The main complaint I have with this book is that it is written for younger readers than the Tripods trilogy. The original novels were aimed at 9+ year olds. This is more 7+. Fans who love the orignal book could be disappointed with this because it is so much more juvinile. Most people will look to this one AFTER they have read the first, simply because the originals are so much more well known. There is a big gap between literature for 7 year olds and 9 year olds. Children look down books that they see as "babyish", and many children will see this book in that way. I have absolutely no idea why John Christopher chose to make this book for younger readers.
But as it goes this book isn't too bad and does it's job well. It is more of a present day setting that the original trilogy so some children may be able to relate to it more. I like the guilible teacher who mocks the Tripods who eventually gets taken away to a madhouse. He obviously represents the critics who panned the 1980's Tripods TV series.
An interesting read for Tripods fans, but nowhere near the standard of the original trilogy.
It's been great to be able to get hold of the original books that inspired that tv series, and I'm starting with the prequel When The Tripods Came. This story is written from the perspective of Laurie, a teenager in the late twentieth century, who, with his friend Andy, are among the first to see the first Tripod which arrives in England. Simultaneous events occur around the world, and then the Tripods seem to be destroyed - but have they found what they were looking for? And could they come back? (Well, we know they do! But that doesn't detract from the fun of reading about it.)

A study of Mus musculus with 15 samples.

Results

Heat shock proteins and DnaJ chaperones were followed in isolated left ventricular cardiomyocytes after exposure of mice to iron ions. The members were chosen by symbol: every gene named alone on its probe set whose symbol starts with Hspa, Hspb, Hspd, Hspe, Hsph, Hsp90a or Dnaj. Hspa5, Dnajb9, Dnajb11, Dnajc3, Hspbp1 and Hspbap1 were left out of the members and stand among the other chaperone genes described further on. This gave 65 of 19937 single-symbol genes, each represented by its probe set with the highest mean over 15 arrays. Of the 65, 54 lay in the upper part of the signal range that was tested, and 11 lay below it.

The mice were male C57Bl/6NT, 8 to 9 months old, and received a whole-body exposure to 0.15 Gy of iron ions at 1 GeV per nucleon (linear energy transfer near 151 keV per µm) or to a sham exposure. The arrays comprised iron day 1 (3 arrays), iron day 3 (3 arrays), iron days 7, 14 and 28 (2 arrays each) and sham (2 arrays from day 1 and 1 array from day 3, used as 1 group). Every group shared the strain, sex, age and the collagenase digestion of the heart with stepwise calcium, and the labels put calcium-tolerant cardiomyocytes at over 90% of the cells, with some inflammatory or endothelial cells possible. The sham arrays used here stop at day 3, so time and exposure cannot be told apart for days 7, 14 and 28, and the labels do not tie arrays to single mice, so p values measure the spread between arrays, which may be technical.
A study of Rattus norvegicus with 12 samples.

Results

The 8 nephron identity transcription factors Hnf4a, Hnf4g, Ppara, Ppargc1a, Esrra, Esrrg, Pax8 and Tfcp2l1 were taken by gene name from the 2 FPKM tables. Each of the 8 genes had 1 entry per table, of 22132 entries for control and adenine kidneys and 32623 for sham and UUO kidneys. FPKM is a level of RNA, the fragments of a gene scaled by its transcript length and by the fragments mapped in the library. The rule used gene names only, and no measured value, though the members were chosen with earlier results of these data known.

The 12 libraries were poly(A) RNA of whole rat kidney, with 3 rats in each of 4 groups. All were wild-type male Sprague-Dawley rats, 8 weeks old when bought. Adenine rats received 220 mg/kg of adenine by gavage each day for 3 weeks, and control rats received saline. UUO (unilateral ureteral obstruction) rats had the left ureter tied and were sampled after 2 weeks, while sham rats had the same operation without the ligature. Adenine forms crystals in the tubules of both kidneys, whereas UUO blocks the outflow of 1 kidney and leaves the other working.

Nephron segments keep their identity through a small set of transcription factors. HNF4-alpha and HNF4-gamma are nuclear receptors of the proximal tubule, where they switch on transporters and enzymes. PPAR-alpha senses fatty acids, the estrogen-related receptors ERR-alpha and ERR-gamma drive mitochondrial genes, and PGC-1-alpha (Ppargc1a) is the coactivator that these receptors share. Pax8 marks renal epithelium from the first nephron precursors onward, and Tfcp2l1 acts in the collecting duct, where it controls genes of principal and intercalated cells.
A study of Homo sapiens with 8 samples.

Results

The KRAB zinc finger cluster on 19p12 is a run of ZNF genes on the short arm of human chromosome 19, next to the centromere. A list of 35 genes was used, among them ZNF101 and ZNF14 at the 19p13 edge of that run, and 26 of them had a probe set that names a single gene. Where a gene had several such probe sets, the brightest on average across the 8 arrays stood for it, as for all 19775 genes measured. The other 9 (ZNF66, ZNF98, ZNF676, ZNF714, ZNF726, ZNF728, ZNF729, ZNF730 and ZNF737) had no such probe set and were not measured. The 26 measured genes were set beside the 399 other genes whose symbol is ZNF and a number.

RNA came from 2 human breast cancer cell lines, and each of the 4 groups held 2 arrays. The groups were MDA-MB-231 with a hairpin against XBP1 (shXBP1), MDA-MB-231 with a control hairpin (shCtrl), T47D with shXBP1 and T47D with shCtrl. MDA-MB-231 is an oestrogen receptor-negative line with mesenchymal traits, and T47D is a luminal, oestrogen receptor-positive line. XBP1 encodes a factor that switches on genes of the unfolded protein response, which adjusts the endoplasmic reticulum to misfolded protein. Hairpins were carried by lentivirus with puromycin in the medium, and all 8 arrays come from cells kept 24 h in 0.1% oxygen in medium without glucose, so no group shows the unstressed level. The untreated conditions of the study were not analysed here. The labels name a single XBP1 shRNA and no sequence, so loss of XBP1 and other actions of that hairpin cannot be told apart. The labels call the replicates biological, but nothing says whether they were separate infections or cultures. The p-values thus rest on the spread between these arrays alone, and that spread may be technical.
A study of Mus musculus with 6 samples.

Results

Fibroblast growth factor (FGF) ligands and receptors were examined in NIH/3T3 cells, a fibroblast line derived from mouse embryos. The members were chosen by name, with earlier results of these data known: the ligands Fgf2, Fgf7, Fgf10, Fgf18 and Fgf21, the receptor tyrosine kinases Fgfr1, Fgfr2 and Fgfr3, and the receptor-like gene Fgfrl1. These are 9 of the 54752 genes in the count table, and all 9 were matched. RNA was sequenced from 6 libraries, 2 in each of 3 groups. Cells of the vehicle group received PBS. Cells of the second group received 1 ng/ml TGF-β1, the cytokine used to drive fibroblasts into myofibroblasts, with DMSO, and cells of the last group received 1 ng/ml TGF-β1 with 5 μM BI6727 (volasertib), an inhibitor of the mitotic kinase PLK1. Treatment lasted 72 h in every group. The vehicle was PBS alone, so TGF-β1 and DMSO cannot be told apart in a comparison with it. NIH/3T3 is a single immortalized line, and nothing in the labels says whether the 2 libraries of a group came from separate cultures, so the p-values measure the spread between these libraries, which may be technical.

This is pitched at a level of reading of younger readers, but for those who have fond memories of the Tripods and want to revisit their story, this is still a great fun read. Looking forward to getting on to the trilogy now.
Laurie's little sister recently started watching a show called Trippies. One day, she disappears. When they bring her back, all she can talk about is peace and Tripods, an alien race bent on bringing peace to Earth. Although they manage to dehypnotize her, people all over start disappearing and showing up with helmets that allow the Tripods to control their brains.
Soon the whole world is conquered by this strange alien race, and Laurie and his family are driven into hiding underneath a hotel in the mountains. Can they find a way to take back Earth with the odds stacked against them?
WHEN THE TRIPODS CAME is a book well worth the read. The suspense and adventure in the story draw the reader in and make them want to keep reading. The characters are believable and the author does a great job of capturing why humanity is the way it is.
Readers who like science fiction, continuing series, and adventure books will all enjoy this read and the others that follow.
Reviewed by: Kira M
You also learn how the resistance movement against the tripods started.
I would have been nice to read this book before reading the White Mountains - if it had existed all those years ago.
All in all highly recommend.
In the course of the trilogy, the boy escapes, finds new friends and learns about the eventual plans of the Tripods - it's still a thrilling, great science fiction story especially for younger readers.
"When the Tripods came" is a prequel that sheds light on the original Tripod invasion, how and why they could win it, and other questions the original trilogy did not address. It's more a crossing of the t's and dotting of the i's than a must-read, and if you know the original trilogy, you will probably guess right what will happen most of the time. It's a bit like visiting a place where you grew up.
Still, the book contains some very interesting ideas, and makes a good travel companion (for a short trip or a long flight). The book is primarily aimed at teens; but even if you are a Tripods veteran who has long passed age 20 you will probably enjoy it - like in the original trilogy, the plot is coherent enough and the characters believable enough so that the whole story works just fine.
And if you have children of your own who you would like to introduce to a classic, this (sadly: rather short) book is a good starting point.